Senate President Shawn-Michael Malone said he appreciated the tone of Gov. John deJongh Jr.’s state of the territory address Monday night and pledged that the 30th Legislature will work with him to address the territory’s fiscal problems.
"The public is tired of the finger pointing and confused by the blame game," Malone said after deJongh’s address. "The only path forward is cooperation. We do not have to agree on every issue, but we do have to agree to work together in the best interest of the people of the Virgin Islands."
Malone’s comments were released by his office in a statement shortly after the governor’s speech.
But though the Senate president said he appreciated the governor’s tone, he had harder words for the content of the speech.
In his speech, the governor said the territory faces a ballooning deficit and prescribed some strong medicine to deal with the problem.
Malone said the governor continues to push for layoffs and salary cuts for government workers, and that the state of the territory speech, like the deJongh’s press conference a week earlier, was designed to put pressure on the Legislature.
"The livelihoods of government workers are not a bargaining chip," Malone said. "The middle class has been in decline here in the Virgin Islands for some time and, without question, public employees make up the bulk of this territory’s middle class sector. We can not afford to further erode it. The wealth gap is as significant a problem here as it is nationally. I agree 100 percent that we need to reduce costs, but layoffs or new taxes will hurt our economy and further tear the fragile social fabric of our community."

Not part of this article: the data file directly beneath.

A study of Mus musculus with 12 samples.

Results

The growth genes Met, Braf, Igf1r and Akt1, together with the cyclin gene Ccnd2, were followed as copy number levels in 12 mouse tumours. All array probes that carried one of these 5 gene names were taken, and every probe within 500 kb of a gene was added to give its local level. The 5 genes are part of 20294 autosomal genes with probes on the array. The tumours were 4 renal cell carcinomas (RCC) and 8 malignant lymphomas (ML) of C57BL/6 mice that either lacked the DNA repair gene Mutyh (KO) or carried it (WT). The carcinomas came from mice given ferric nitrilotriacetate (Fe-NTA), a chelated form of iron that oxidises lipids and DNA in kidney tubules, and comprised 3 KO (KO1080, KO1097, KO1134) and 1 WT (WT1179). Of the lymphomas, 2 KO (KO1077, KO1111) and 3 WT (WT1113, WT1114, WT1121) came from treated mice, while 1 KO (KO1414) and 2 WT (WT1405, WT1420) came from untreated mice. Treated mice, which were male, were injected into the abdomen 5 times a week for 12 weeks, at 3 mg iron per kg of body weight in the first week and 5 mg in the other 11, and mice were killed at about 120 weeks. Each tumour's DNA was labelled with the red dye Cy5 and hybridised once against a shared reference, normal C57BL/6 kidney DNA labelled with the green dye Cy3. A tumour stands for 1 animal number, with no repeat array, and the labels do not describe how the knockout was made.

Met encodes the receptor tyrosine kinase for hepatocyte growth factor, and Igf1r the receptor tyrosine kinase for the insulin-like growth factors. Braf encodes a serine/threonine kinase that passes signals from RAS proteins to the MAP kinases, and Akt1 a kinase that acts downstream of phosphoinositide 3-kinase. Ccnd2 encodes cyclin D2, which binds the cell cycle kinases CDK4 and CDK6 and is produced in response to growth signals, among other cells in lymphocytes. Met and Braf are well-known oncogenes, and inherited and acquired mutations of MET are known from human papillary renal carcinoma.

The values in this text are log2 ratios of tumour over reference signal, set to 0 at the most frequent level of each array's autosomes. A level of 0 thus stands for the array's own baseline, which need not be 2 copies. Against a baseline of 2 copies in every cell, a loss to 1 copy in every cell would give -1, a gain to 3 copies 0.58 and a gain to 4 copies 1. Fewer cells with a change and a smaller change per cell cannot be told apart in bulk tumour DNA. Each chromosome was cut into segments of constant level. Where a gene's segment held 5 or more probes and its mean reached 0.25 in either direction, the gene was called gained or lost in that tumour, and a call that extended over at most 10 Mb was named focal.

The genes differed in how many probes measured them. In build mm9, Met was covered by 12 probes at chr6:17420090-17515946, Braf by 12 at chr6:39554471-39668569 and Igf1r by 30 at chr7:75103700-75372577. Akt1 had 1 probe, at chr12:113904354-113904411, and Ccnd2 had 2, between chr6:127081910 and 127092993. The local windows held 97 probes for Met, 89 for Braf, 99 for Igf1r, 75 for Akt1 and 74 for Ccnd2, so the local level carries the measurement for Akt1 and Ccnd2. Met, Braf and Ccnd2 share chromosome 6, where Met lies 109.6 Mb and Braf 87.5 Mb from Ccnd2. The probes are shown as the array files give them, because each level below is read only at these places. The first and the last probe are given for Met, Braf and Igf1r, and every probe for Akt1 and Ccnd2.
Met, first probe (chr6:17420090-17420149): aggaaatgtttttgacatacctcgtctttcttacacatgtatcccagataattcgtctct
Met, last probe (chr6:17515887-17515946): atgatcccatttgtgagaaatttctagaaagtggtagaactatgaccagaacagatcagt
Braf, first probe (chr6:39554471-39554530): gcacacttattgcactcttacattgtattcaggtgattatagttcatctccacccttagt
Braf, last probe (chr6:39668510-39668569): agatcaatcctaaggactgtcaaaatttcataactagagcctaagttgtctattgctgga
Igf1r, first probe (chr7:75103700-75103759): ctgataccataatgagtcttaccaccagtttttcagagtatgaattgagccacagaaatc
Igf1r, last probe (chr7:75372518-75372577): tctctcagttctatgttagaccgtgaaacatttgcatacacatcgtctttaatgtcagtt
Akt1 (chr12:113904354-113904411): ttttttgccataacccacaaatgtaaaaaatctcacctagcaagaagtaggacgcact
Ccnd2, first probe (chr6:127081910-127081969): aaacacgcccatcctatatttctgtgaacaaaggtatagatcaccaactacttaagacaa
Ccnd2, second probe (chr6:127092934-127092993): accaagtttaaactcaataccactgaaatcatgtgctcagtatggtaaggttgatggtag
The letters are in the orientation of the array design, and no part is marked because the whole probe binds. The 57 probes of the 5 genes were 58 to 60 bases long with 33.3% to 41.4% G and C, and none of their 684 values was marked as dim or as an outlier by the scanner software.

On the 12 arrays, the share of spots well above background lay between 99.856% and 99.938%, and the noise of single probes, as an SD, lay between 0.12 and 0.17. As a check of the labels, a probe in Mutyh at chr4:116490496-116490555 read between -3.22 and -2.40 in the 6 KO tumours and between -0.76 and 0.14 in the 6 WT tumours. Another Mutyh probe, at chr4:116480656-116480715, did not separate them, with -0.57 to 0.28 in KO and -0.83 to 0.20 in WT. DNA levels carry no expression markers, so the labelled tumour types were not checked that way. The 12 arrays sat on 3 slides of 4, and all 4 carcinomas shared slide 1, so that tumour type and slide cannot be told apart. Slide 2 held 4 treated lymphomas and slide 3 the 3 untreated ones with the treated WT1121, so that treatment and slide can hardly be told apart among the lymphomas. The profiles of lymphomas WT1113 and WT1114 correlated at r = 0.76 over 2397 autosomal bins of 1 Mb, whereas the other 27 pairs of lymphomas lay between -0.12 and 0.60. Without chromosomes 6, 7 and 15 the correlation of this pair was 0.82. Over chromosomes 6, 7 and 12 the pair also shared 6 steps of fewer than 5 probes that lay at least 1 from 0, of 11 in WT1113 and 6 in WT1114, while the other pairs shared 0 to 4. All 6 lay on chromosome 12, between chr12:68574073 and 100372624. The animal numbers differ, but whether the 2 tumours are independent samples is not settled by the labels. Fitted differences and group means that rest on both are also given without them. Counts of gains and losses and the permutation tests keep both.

Instead of proposing specific recommendations for dealing with the problem, which could see the government run out of money before the end of the fiscal year, Malone said more study is needed.
"Turning this situation around will require a comprehensive analysis of areas where we can reduce the cost of government and make it more efficient," he said. "A consolidation of agencies where duplications exists would be a good start, as would basic austerity measures. We also need to consider the implementation of policies to make the USVI a more business-friendly environment. There have been improvements in some divisions, but we still have a long way to go."
Malone disputed some of the governor’s numbers, saying the figures regarding the reduction of unclassified or political positions were misleading. Many of those jobs have been converted to classified or permanent positions, Malone said. He also pointed out that a cut in the number of employees did not necessarily mean a cut to the government’s payroll.
"We certainly do have some positive developments in tourism and with the near completion of our new broadband network – I remain proud of the role I played in getting the broadband initiative off the ground and on track so that we could to help bridge the digital divide," Malone said. "I also strongly agree with the governor’s statement about our need to fight for Virgin Islanders to receive the same access to essential programs as all other Americans; however, we are in perhaps a worse position than ever in terms of making affordable health insurance available to individuals here in our community. This must be addressed."
Malone said his colleagues have supported many capital projects and revenue-generating initiatives that would jumpstart the local economy, including Internet gaming, captive insurance, major road projects and reconstruction of the Paul E. Joseph stadium in Frederiksted.
"The problem is that the administration has been very slow in sending out these RFPs and getting these projects off the ground," he said. "Senators have provided the vehicles for economic expansion and revenue generation."